Using path analysis, the hypothesized effects were tested empirically by incorporating a comprehensive set of independent variables and self-reported experiential assessments to predict experience, which in turn related to student satisfaction. Findings – The results indicate that the path coef? cients from faculty and classes to students’ partial college experience are consistent with the assumption that these are key factors that in? uence student partial college experience. Also, the path coef? cient from student partial college experience to satisfaction was consistent with
Herzberg’s two-factor theory. In addition, students who have a positive college experience are more likely to be satis? ed with the college or university than students who do not have a positive college experience. Research limitations/implications – By focusing on antecedents of student satisfaction, colleges and universities can align their organizational structure, processes and procedures to become more customer-oriented. Small sample size and self-explicated retention data are the limitations of this study.
Practical implications – It is recommended in this study that the changing nature of the higher education marketplace encourages college administrators to apply the customer-oriented principles that are used in pro? t-making institutions. Originality/value – Using a satisfaction model and a comprehensive set of independent variables and self-reported experiential assessments to predict experience, this paper provides empirical ? ndings to understand student satisfaction in higher education institutions. Keywords Higher education, Students, Customer satisfaction, Customer orientation Paper type Research paper.
Introduction Higher education institutions are increasingly recognizing that higher education is a service industry, and are placing greater emphasis on meeting the expectations and needs of their participating customers, that is, the students. This becomes even more important in those states where university budgets utilize a tuition-based model. The rapid expansion of colleges and universities, and signi? ant increases in college education costs combined with demographic shifts in the population, force colleges to think differently about the role of student satisfaction for their survival (Kotler and Fox, 1995).
Furthermore, intense competition in today’s competitive educational market forces universities to adopt a market orientation strategy to differentiate their offerings from those of their competitors. Similarly, higher educational institutions in the US are operating in a competitive marketplace. Thus, they need to understand their target markets (i. . students, external stakeholders of different types), assess the target market needs, modify their offerings to meet those needs, and thereby enhance customer satisfaction by delivering superior quality services (Keegan and Davidson, 2004). Even though the successful completion and enhancement of students’ education are the reasons for the existence of higher educational institutions, college administrators tend to focus disproportionately more time on programs for attracting and admitting students rather than managing enrollments (Zemke, 2000).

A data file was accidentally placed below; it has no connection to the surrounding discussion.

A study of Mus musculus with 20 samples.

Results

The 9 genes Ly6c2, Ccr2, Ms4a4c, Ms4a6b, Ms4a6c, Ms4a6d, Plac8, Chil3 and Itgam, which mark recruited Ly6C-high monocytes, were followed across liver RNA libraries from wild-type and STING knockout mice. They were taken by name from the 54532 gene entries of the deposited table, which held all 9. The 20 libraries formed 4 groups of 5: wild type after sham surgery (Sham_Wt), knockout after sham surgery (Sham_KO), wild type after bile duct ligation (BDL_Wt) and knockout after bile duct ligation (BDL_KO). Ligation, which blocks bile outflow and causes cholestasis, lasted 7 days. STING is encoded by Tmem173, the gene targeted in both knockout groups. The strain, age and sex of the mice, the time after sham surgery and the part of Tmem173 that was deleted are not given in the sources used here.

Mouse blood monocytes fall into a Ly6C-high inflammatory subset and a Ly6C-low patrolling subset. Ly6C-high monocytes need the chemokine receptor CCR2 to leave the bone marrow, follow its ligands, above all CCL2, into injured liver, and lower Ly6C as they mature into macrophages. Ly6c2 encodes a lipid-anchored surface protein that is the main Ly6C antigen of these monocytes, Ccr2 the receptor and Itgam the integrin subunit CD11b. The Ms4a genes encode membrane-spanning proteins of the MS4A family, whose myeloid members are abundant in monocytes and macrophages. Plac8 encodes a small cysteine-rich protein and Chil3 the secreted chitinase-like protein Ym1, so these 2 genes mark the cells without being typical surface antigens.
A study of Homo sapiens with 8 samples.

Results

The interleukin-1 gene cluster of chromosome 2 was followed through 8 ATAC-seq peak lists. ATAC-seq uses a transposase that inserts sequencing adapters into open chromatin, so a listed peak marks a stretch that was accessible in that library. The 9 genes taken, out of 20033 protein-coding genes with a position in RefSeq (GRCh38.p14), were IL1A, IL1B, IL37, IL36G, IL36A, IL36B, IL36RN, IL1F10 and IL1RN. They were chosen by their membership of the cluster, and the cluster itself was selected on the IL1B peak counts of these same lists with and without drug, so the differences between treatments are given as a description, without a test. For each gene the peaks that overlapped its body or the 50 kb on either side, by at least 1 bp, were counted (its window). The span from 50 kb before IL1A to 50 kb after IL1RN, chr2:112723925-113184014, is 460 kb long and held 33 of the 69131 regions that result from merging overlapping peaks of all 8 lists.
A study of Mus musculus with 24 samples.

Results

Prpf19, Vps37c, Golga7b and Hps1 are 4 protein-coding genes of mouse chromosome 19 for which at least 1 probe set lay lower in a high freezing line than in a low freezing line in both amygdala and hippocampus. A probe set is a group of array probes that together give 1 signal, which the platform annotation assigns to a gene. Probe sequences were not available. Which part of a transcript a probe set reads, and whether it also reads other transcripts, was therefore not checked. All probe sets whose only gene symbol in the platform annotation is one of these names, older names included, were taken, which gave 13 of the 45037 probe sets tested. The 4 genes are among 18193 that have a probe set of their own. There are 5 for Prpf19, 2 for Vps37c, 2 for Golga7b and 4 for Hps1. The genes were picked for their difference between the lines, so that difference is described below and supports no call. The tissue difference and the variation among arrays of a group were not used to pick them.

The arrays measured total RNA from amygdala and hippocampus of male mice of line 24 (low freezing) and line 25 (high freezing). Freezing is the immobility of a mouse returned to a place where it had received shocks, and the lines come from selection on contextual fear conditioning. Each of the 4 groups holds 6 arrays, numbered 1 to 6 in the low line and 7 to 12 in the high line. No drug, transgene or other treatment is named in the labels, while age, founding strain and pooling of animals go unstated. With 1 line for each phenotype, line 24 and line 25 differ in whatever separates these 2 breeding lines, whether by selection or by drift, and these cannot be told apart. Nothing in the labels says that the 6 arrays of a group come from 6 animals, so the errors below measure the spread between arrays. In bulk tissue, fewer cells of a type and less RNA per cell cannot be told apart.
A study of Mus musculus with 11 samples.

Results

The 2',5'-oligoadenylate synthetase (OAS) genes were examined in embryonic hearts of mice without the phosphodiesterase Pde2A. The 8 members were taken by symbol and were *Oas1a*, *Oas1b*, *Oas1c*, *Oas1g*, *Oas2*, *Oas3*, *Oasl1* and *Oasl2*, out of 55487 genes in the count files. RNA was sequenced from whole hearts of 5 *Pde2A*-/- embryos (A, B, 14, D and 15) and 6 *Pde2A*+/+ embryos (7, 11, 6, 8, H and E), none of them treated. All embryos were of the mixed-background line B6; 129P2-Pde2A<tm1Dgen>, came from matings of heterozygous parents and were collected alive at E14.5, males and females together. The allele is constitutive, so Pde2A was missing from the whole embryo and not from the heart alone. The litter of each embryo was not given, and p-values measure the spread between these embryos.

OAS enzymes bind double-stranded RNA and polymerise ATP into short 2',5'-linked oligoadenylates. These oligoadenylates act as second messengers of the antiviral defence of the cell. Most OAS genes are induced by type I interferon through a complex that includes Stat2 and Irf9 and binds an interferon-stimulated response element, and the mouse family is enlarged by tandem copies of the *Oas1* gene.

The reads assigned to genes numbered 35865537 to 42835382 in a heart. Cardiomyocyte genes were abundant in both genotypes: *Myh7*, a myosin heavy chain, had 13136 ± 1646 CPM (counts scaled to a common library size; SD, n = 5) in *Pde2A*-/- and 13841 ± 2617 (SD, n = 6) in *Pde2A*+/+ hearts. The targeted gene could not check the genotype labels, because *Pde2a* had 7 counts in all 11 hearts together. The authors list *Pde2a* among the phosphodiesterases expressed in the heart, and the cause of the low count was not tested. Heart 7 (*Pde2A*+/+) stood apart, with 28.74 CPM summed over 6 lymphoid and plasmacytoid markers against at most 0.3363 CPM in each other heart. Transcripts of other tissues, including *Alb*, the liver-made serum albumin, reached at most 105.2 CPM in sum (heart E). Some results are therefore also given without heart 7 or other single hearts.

Similar to the importance of satisfying customers to retain them for pro? t-making institutions (Anderson and Sullivan, 1993), satisfying admitted students is also important for student retention. Statistics indicate that more than 40 percent of all college entrants leave higher education without earning a degree, 75 percent of these students drop out in the ? rst two years of college, and institutions can expect that 56 percent of a typical entering class cohort will not graduate from that college (Tinto, 1975, 1993).
More recent statistics indicate that 26. 4 percent of freshmen do not return for the following fall semester and 46. 2 percent of these students do not graduate from college (Reisberg, 1999). Also, higher educational institutions that are heavily populated by commuter students have higher dropout rates, while institutions with strong residential dormitory programs have lower drop out rates (Baldridge et al. , 1982). Therefore, it might be argued that dissatis? ed students may cut back on the number of courses or drop out of college completely.
Hence, the satisfaction to intention to retention link for students in higher education should be studied and carefully managed. This paper focuses on the determinants of student satisfaction and retention in a college or university that are assumed to impact the business student college experience. Studies that examine student satisfaction in higher educational institutions from a more customer-oriented perspective add additional dimension to the educational planning activities of colleges and universities.
Therefore, the objective of this study is to investigate the determinants of student satisfaction and retention in higher educational institutions. Using empirical data and Herzberg’s two-factor theory as a framework, we investigate student satisfaction in college setting (Herzberg et al. , 1967). To measure student satisfaction, we used a modi? ed version of the model of Keaveney and Young (1997), which incorporates a comprehensive set of independent variables and self-reported experiential assessments to predict experience, which in return is related to student satisfaction.